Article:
Alarming headlines reporting everything from the discovery of weapons in students' lockers to shootings on campus are bound to make parents question their child's safety in school. While such concerns are valid, parents should take note of research showing kids are two times more likely to be victims of serious violent crime away from school than at school. And, adults can take an active part in helping prevent violence.
One of the most critical things you can do, according to the National Crime Prevention Council, is remove firearms from your home, or at least make sure that they are locked, well secured and stored separately from ammunition. Some other steps recommended by the council are:
Listen to and talk to your children regularly;
Help your child learn how to find solutions to problems;
Discourage name calling and teasing;
Set clear limits on behaviors in advance; and
Insist on knowing your children's friends, whereabouts and activities.
"Prevention is the most effective strategy for reducing violence," said Ira Pollack, a school safety specialist with the North-west Regional Educational Laboratory. He said parents should work with their kids to build awareness of their surroundings. Pollack also stressed the importance of talking to kids.
"Watch the news, discuss their feelings about what's going on and how they would react in certain situations," he suggested. And, let your child know that if he hears or sees something that concerns him, it's OK to tell an adult. "They shouldn't feel like they're 'ratting' on anyone," Pollack said.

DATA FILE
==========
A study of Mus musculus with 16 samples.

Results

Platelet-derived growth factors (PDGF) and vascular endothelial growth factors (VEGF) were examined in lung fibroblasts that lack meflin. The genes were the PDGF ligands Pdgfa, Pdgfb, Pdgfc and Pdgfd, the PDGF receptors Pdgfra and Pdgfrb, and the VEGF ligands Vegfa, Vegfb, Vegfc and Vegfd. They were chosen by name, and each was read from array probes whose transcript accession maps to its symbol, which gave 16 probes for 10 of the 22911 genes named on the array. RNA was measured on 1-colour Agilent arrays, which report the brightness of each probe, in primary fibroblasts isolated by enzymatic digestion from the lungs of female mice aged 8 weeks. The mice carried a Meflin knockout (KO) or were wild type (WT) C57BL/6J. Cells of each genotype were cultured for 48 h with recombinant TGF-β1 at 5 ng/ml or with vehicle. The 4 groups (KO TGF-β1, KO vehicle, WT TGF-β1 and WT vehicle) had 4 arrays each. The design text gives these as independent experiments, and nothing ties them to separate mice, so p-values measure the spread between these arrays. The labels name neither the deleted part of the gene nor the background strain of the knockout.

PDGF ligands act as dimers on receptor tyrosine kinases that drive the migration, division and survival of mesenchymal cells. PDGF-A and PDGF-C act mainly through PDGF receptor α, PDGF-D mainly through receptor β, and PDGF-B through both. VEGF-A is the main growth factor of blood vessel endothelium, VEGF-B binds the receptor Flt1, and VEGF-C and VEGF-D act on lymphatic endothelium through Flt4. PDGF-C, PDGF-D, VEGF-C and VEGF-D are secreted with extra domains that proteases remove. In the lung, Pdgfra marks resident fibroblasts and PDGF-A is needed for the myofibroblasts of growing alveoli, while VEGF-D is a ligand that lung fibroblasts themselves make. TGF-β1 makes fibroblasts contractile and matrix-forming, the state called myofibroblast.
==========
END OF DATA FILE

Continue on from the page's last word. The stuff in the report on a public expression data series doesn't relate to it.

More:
Becoming actively involved in your children's schools is another important way to help ensure their safety. A series of guides to creating safer schools focuses on the need for collaboration among schools, families and the public sector.
"School safety requires a broad-based effort by the entire community, including educators, students, parents, law enforcement agencies, business and faith-based organizations," the guide said.
Each school should have policies in place for dealing with violent or aggressive students and for managing dangerous situations. You might want to review a copy of those policies, both for your own peace of mind and as a way to talk to your child about appropriate behaviors.
This column is provided as a public service by the Northwest Regional Education Laboratory, a nonprofit institution working with schools and communities in Alaska, Idaho, Montana, Oregon and Washington.